Steve Hobbs earns re-election

Voters take note: State Sen. Steve Hobbs, D-Lake Stevens, rankles members of both political parties. As Churchill said (and we’re not suggesting the incumbent senator is Churchillian, mind you), “You have enemies? Good. That means you’ve stood up for something, sometime.”

Hobbs has been a sweat-equity lawmaker who stands up — often successfully — in support of contentious issues. We don’t agree with him on some policies, but he’s a workhorse who merits reelection.

Hobbs is a near-perfect expression of his diverse, hard-to-nail-down 44th District: A sometimes-Libertarian independent Democrat who tries to navigate a middle ground. It’s not a posture that wins friends in a caucus meeting. But it’s the mostly sensible center, which voters embrace.

Hobbs, co-vice chairman of the Senate Transportation Committee, deserves credit for trying, albeit unsuccessfully, to rescue a transportation-finance package and ensure that county-specific projects (think Highway 9) were part of the deal. He expressed a willingness to yield on a series of Republican-reform demands, including application of the sales tax and tweaks to prevailing wage. The effort was blunted by the majority caucus coalition, which was unsatisfied with progress on its must-have list. As a de facto member of the minority party, Hobbs could only make incremental progress on matters dear to him, such as an amendment to open up Medicaid funding for Washington nursing homes.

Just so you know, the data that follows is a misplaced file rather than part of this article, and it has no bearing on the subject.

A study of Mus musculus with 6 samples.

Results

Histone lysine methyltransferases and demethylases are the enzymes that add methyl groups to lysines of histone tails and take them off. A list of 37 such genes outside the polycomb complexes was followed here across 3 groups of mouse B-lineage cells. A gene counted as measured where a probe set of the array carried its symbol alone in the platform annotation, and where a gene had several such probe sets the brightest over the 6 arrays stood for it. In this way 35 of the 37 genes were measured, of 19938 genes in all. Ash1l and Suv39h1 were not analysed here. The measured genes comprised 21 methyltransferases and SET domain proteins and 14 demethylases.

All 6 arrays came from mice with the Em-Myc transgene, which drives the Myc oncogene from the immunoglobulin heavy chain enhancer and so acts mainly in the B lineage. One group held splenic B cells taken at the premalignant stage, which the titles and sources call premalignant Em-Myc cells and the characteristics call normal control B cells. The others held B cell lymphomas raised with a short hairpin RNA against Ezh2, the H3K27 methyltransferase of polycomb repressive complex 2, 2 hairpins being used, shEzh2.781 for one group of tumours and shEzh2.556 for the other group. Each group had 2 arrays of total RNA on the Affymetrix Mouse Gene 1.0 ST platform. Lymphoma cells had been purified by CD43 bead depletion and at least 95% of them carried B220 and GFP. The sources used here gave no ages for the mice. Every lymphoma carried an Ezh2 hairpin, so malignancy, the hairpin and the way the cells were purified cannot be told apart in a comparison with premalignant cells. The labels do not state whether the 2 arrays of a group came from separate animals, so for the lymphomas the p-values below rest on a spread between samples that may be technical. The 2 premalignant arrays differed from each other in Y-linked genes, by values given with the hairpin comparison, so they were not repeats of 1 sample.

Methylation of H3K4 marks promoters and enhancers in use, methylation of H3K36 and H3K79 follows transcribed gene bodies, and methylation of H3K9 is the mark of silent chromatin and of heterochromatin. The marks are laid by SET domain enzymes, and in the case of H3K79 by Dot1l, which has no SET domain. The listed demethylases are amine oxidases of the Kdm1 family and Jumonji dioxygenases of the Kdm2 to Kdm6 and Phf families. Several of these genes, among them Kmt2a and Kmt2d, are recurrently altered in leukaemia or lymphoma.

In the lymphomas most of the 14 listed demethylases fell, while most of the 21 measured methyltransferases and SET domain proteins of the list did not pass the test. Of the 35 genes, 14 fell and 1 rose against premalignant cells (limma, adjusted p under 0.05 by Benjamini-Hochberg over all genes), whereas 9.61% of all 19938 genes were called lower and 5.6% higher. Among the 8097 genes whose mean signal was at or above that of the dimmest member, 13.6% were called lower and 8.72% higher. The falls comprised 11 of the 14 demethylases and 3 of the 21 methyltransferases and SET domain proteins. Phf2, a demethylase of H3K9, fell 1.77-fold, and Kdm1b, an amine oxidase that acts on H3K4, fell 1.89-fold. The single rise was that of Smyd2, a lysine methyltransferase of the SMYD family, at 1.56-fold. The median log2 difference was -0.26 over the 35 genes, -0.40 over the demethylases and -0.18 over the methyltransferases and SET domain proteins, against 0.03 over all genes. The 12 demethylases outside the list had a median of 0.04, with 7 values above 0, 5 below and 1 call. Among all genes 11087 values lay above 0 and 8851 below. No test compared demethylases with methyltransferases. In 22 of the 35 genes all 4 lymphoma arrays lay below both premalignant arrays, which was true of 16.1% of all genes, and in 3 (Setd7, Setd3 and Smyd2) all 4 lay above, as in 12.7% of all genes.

“I helped put together the moderate caucus in 2010,” Hobbs said, sidestepping the group’s unfortunate moniker (“roadkill,” for what happens to those sitting in the middle of the road.)

Hobbs’ capable opponent, Jim Kellett, who plays down his Republican affiliation, could be an honorary road-killer if elected in November. Kellett, a financial adviser for Edward Jones Investments since 1994, is a fiscal conservative who expressed serious reservations about the Boeing tax package. He’s more averse than Hobbs to raising taxes to fund K-12 consistent with the McCleary decision, while seeing eye-to-eye on initiatives such as I-594 (both are opposed to universal background checks to purchase a firearm.)

One major reservation regarding Hobbs is his choice of friends and staff. Hobbs helped launch the mischief-making career of Kevin Hulten, the disgraced former aide to Snohomish County Executive Aaron Reardon, and he also was one of Reardon’s closest pals. Hobbs refused to discuss Hulten’s activities with The Herald in 2013. We can only hope that Hobbs’ poor judgment was an aberration.

Two qualified candidates; the nod goes to Hobbs.